Statement of Commendation for Helen Woodcraft on “The Popularity of Populism”

Part 1 Dissertation 1999
Helen Woodcraft
University of Edinburgh Edinburgh | UK
Within the architectural profession, there is frequently a general sense towards populist design that concentrates on stylistic expression rather than being supported by a strong theory. Outwith the professional body
however, it is often this form of expression that gains the highest public approval. Why do people like the buildings that are regarded as the antithesis of 'good' architecture within the profession surely where the 'experts' are to be found? Is the widespread approval of this style a cause for concern?

This text examines the reasons for the mass appeal of the populist approach and the problems that the architectural body identifies with those same features. The investigation follows three lines of enquiry. The first chapter follows a semiotic approach, using langusge thoery to examine the processes of carrying and interpreting meaning in architecture, to determine whether this communication is culturally specific, and to analyse the nature and importance of our sign-reading. The second chapter concentrates on a phenomenological perspective to explore ideas of authenticity and investigates the distinction we make between creative works and mass-produced objects. The final chapter focuses on the social propensity for commodification.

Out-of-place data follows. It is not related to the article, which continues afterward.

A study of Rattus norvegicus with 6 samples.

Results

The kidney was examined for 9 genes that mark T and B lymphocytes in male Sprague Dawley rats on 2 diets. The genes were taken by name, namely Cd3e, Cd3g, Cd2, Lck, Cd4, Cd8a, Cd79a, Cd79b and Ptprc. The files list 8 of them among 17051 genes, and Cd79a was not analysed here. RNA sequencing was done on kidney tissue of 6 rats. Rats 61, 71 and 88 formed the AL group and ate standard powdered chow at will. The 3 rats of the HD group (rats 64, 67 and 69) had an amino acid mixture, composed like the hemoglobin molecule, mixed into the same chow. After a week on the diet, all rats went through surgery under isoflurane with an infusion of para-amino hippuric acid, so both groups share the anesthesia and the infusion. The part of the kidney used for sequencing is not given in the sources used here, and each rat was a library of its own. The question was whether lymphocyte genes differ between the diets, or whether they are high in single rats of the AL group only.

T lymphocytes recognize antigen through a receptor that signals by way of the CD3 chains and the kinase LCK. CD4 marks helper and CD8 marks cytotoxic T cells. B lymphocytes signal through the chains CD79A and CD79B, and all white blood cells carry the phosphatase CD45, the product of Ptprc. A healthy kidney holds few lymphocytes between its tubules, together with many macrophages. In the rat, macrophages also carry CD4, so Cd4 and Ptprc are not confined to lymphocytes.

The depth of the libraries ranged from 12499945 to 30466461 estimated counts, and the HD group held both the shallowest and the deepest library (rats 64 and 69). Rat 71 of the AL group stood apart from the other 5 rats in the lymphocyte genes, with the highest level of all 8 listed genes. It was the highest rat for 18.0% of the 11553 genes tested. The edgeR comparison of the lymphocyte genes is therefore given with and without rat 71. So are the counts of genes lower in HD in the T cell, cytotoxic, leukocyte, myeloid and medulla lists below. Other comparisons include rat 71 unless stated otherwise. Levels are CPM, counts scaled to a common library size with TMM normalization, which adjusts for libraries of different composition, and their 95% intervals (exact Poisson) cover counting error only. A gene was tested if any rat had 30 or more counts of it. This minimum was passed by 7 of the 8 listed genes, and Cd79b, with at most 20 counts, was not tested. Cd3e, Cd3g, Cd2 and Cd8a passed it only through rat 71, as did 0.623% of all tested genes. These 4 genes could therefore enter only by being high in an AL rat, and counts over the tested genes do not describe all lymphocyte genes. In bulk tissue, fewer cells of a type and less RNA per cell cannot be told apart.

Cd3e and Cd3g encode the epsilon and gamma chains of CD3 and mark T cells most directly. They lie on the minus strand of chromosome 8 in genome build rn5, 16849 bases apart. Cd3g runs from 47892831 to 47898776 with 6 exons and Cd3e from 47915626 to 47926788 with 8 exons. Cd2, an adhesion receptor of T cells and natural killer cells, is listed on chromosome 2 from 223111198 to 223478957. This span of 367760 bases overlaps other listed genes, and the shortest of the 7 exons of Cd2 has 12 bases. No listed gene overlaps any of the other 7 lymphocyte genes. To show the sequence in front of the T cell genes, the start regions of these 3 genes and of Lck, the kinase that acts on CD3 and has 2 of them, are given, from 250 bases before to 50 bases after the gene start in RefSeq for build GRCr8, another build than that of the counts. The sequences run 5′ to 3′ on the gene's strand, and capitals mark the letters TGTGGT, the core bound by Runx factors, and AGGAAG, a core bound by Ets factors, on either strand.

Helen Woodcraft

The pitfalls of the enormous task this dissertation tackles are clear. However, it is to be very highly commeded for never descending into caricature. It succeeds well in giving intellectual depth to an architectural practice which delights in the superficial and is patently anti-intellectual. But as importantly, it shows the limitations of such practice, through well chosen insights offered by specific exponents of the theories of structuralism, phenomenology and critical theory. There is an excellent use of references. The analysis is well structured, not only revealing what each of the positions can offer the question into what makes popular architecture, but, compares and contrasts each position, to present a thorough examination of the concerns. The goals are clear and well directed. The conclusion re-gathers to inter-relate well, the various issues arising from each section.

It is refreshing to have the subject approached without blatant prejudice; a balanced view revealing the concerns to be reasonable. The arguments are well formulated and avoids the temptation to proffer simplistic solutions. The work is superbly well written containing valuable original insights, specifically on the inter-relations between the themes of architectural semiotics, authenticity and commodification.